Dmitri Dmitritch Gurov has been hanging out for about two weeks in Yalta, on the coast of the Black Sea, when he hears of the arrival of a new vacationer, known only as "the lady with the dog." Gurov is 40, married, and has kids. He dislikes his wife and women in general, and has no qualms about having affairs. He is troubled only when his lover forms some sort of emotional attachment to him. The lady with the dog soon becomes his next conquest.
Her name is Anna Sergeyevna, and she, too, is married, though her husband is absent. She and Gurov quickly become friends and then lovers. Afterwards, Anna considers herself a fallen woman, and with shame assumes that Gurov will never respect her again. Gurov finds himself bored by her concerns. The affair continues, but ends abruptly when Anna is summoned back home by her husband.
Gurov returns to his home and family in Moscow and embraces his old life, hoping and assuming that he will forget all about Anna. But this is not the case. Consumed with thoughts of her, confused by his feelings, and suspecting love, he travels to Anna's house and seeks her out one night at an opera while her husband is outside smoking. Anna is horrified by his arrival and terrified that someone will see, but she admits that she hasn't been able to stop thinking about him since she left Yalta. She begs Gurov to leave before someone grows the wiser, and leaves him with the promise that she'll come to see him in Moscow.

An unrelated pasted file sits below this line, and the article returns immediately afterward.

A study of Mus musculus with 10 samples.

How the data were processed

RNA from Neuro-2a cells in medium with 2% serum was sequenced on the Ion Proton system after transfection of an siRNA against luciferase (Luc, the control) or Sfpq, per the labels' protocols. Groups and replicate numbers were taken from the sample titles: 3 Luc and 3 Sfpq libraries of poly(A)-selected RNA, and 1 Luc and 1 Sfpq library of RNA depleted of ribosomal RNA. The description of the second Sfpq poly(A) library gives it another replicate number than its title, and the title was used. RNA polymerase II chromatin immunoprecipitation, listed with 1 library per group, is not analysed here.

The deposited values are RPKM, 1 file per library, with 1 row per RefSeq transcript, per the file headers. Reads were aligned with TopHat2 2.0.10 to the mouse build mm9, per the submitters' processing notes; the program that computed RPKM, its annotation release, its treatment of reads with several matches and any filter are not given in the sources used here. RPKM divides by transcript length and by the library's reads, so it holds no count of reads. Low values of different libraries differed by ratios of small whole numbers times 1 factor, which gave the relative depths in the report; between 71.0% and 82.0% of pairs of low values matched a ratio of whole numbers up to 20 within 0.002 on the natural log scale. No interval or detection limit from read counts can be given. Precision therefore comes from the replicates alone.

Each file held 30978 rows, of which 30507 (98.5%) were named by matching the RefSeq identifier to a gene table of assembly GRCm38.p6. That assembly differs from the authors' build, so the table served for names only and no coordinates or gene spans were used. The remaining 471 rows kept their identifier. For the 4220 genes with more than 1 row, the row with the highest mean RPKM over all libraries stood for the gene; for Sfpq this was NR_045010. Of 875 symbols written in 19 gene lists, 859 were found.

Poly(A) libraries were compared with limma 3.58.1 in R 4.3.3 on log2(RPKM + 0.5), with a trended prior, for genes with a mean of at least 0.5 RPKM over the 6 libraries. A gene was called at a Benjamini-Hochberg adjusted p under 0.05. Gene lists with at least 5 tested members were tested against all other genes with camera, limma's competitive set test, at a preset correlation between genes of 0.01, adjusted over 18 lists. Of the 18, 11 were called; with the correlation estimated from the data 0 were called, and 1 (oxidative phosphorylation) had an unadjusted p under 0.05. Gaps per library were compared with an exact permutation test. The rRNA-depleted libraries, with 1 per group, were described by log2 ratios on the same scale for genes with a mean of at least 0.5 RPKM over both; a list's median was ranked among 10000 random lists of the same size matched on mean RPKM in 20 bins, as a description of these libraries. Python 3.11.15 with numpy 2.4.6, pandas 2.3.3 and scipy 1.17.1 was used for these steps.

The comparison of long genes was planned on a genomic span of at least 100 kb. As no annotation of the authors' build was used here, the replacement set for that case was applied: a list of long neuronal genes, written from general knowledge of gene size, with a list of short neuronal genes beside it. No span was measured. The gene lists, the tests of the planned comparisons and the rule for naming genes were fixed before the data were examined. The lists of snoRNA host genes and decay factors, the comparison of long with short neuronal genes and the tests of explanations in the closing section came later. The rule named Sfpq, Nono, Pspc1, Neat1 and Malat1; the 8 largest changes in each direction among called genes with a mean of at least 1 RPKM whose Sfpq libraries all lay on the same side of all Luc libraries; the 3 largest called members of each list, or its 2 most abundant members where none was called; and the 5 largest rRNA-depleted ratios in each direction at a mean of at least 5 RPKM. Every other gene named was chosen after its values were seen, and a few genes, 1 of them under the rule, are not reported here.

Gurov returns home, and Anna follows through on her promise. She begins visiting Moscow semi-regularly, where she stays in a hotel and carries on her affair, if intermittently, with Gurov. Visiting her in the hotel one day, Gurov realizes that he is in love with her, and that this is the first time he's ever been in love. He has two lives, he concludes, one secret and valuable, the other public and worthless.
Anna is in tears as they both lament their plight: in love with each other but married to other people. They discuss and debate, trying to find a way to be together despite the circumstance. They know there is a long road ahead, and that the most difficult part is just beginning.